We’ve all been there. You’re walking down the street, you think you recognise someone, wave emphatically, only to realise mid-flow, and rather embarrassingly, that it’s not the person you first thought! If you are short sighted like me, or myopic as it’s also known, then these kinds of social faux pas are perhaps more familiar to you than to most! On more than one occasion I’ve read a sign incorrectly, mistakenly identified a car or person and worse… blanked colleagues or friends because of my poor eyesight. This was especially true as a teenager, when permanently donning prescription eyewear seemed far less appealing to my former, more fashion-conscious self. Of course, glasses are far more on trend than they’ve ever been and as I’ve got older, I’ve found a certain appreciation for different styles and frames. I now wear my glasses almost every day, all day – fully embracing the ‘geek chic’ and at times, with an uncanny, but wholly unintentional, resemblance to Scooby Doo’s Velma Dinkley. The crucial benefit, naturally, is the fact that I can actually see – see my computer screen, TV, people – the outside world in all its glory. With only two notable stumbling blocks; sport and sunshine.
Regretfully, I’ve acclimatised to a life where racket sports are near impossible and to be avoided – try focusing on a tennis ball, shuttlecock or ping pong ball at -2.25 dioptres and you’ll soon understand why a first name is all I have in common with Serena Williams. I’ve instead opted for running, hi-energy aerobics, and/or yoga to get an exercise fix that relies a lot less on 20/20 vision. I do realise, of course, that there are options available to me – working for an organisation in optics certainly opens your eyes to a whole host of vision correction options.
Contact lenses are the obvious choice but I admit, there is something about putting a layer of plastic in your eye that seems quite unnatural to me - not to mention time-consuming - on an already hurried morning routine. So, it’s glasses all the way for me. And my love for oversized frames is not solely confined to prescription eyewear either – it extends to sunglasses too, with a collection that rivals my rather indulgent addiction to shoes. Although, decking yourself out in the latest sunnies is not always practical for a myopic like me. Sightseeing for example, has become increasingly troublesome – with most holidays spent continuously alternating between my prescription specs and trustee classics like the Ray Ban Wayfarer. On my latest trip, while enjoying the picturesque delights of the River Danube in Budapest, I decided enough was enough – I was going to invest in a much-needed pair of prescription shades.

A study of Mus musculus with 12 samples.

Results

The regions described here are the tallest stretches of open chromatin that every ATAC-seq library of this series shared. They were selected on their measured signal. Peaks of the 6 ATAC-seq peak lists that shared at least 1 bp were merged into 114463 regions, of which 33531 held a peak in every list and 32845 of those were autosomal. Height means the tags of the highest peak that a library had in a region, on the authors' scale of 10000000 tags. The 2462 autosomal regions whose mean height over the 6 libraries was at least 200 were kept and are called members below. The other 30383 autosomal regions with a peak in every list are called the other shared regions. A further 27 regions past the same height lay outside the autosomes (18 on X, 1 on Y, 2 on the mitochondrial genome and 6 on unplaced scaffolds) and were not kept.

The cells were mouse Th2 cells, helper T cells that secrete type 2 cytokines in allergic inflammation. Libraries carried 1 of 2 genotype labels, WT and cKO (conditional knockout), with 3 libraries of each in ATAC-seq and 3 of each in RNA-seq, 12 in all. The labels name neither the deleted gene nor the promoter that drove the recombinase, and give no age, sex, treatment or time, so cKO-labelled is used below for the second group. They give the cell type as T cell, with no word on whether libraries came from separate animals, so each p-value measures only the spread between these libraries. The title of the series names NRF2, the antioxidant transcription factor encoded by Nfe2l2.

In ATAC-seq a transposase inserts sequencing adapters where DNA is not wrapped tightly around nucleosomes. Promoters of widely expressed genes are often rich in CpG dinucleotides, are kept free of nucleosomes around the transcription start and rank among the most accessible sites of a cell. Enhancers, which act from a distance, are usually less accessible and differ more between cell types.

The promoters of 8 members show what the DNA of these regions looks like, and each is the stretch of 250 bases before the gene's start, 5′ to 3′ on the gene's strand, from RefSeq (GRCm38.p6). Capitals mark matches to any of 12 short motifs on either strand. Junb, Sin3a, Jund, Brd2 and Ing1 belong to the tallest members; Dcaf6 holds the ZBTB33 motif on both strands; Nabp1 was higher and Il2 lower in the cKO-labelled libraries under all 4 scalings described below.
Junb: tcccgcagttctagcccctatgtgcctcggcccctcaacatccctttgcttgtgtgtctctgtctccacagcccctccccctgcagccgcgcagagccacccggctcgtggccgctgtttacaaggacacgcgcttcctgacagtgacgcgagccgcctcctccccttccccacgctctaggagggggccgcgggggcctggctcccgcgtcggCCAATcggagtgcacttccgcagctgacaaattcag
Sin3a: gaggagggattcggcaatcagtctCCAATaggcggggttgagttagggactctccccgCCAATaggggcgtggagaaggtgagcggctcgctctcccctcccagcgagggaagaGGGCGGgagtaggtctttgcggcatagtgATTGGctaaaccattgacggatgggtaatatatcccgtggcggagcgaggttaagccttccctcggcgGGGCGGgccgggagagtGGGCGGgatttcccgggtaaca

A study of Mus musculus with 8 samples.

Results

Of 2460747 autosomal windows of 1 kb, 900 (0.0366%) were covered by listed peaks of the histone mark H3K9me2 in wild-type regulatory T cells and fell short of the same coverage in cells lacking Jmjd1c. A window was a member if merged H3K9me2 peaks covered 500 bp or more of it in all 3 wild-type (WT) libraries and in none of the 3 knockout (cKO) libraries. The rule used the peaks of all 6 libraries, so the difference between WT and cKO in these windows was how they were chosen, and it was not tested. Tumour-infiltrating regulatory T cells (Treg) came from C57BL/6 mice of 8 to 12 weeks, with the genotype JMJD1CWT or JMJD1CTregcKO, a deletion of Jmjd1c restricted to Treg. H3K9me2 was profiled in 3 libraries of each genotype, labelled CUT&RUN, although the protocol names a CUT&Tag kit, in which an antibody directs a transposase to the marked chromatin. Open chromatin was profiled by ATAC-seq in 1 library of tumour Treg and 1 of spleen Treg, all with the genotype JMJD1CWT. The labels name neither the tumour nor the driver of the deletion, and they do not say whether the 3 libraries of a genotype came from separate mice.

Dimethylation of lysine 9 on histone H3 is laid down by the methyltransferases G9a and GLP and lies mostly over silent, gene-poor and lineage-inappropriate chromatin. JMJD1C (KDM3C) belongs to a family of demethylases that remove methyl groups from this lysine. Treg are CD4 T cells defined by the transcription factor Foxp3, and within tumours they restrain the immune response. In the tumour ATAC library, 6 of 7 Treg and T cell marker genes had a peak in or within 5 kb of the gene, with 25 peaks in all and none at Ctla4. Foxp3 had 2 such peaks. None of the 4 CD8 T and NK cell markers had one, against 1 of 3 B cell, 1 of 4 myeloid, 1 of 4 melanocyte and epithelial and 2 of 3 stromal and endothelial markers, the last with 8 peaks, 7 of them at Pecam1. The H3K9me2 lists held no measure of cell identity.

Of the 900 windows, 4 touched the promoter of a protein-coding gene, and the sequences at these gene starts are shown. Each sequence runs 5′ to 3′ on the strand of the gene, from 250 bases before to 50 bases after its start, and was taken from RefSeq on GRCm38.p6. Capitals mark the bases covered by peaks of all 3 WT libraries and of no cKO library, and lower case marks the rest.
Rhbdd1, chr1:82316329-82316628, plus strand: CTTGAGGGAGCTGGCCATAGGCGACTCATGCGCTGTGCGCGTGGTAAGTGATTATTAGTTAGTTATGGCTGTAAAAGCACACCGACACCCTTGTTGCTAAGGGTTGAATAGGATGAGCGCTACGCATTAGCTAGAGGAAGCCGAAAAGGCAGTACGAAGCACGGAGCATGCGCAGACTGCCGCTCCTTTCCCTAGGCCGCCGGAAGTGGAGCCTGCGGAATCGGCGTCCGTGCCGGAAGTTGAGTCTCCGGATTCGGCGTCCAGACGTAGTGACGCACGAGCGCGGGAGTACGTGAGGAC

Ironically, on a dark January afternoon I visited my local optical practice to suss out the range of sunglasses alongside having my biennial sight test. I was pleased to be met with a great selection of frames and a dispensing optician who offered invaluable advice on frame fit and shape, lens colour, coatings as well as recommendations on tint strength if I was planning to drive in them. Our 60 second advice: Sunglasses provides similar advice.
The result…an addition of retro elegance to the wardrobe but more importantly, fully protected peepers. More than a fashion item, sunglasses provide that crucial shield from ultraviolet (UV) rays and help reduce the likelihood of developing eye conditions that are linked to the sun, like cataracts and age-related macular degeneration. With that in mind, my prescription sunglasses have become a permanent fixture in my handbag and an item I now can’t live without. Who knows, this summer’s Wimbledon may spark a return to the tennis court and with it, a contact lens fitting.
Serena Box is the PR and Media Manager at the Association of Optometrists.